With strong public health measures, between 11,000 and 22,000 Canadians could die from COVID-19 in the months ahead, though the death rate could be much higher with poor containment measures, federal modelling shows.

Federal projections released by Health Canada show that if 2.5 per cent of the population contracts the virus, 11,000 people could die, but if that case count doubles to five per cent, 22,000 deaths are projected over the course of the pandemic.

The number of Canadians who could contract the virus and die increases drastically in scenarios featuring weaker containment efforts, the various national scenarios show.

Ontario now has 200 COVID-19 deaths; with the provincial case count climbing to 5,759

Theresa Tam, Chief Public Health Officer of Canada commenting on the release of national modelling said, “with no control efforts in place, up to 80 per cent of Canadians could contract the virus. That scenario could result in a summertime peak and more than 300,000 deaths, which is approximately equivalent to the total number of deaths from all causes in Canada each year.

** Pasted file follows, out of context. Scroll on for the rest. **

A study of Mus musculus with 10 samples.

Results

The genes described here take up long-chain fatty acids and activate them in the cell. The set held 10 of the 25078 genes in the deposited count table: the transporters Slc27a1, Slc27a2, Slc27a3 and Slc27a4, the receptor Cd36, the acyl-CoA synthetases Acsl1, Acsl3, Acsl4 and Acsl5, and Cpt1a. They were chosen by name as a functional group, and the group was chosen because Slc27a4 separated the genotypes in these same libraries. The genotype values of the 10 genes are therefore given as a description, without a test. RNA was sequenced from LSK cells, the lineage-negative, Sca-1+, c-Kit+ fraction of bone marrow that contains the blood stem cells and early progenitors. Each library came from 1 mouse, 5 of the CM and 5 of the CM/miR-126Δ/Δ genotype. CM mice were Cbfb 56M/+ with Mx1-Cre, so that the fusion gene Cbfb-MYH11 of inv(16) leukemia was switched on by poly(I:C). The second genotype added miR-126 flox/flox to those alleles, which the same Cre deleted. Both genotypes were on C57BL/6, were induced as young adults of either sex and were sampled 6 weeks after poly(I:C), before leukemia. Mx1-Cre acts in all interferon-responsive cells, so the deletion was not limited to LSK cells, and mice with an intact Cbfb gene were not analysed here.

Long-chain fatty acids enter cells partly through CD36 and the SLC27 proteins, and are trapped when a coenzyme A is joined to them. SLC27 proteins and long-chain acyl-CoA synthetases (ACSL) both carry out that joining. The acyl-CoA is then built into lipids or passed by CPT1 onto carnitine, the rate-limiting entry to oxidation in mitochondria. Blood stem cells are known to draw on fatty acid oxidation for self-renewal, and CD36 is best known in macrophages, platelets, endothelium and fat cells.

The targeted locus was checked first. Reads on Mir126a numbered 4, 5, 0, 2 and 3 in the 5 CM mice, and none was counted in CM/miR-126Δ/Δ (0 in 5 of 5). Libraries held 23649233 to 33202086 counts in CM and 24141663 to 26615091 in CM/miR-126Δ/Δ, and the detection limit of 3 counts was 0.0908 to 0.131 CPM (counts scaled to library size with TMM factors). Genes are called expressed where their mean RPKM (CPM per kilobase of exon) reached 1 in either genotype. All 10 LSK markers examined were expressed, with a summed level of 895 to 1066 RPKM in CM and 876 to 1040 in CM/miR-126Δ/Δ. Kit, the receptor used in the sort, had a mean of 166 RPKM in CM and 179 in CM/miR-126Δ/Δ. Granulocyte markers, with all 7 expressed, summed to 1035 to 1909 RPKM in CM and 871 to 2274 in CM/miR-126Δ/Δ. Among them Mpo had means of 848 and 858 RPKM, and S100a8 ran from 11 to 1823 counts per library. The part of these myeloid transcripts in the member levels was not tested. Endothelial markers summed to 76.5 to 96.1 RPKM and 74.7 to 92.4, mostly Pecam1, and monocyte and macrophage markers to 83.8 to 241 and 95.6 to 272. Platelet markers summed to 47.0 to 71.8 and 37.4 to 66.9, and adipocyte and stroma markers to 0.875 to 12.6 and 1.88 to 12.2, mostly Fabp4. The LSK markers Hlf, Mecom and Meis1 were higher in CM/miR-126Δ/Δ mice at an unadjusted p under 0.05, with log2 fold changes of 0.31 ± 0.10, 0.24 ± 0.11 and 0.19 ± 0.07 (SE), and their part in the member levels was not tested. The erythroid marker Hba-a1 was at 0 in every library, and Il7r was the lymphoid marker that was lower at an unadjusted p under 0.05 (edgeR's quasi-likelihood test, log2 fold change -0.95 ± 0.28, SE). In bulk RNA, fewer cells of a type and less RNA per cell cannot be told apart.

Federal officials say Canada is currently closer to the green line as a result of measures already taken

However, Health Canada says the current pandemic parameters Canadians are living under are considered strong controls, such as physical distancing, and quarantining travellers, whereas if fewer people stay home or do not act like they could be carrying the virus there will be a weaker hold on the disease.

The agency cautioned that in the absence of a treatment or vaccine, the fight against the disease is likely going to require waves of epidemic controls, spanning months. The short-term federal projection on the spread of COVID-19 shows that between 500-700 Canadians could die from COVID-19 in the next week, with the number of cases rising to between 22,580 and 31,850 cases. Also playing a factor in the scenarios is the increase in health care capacity, from stocking up on lifesaving supplies like ventilators, to having enough workers able to respond to the surge of patients.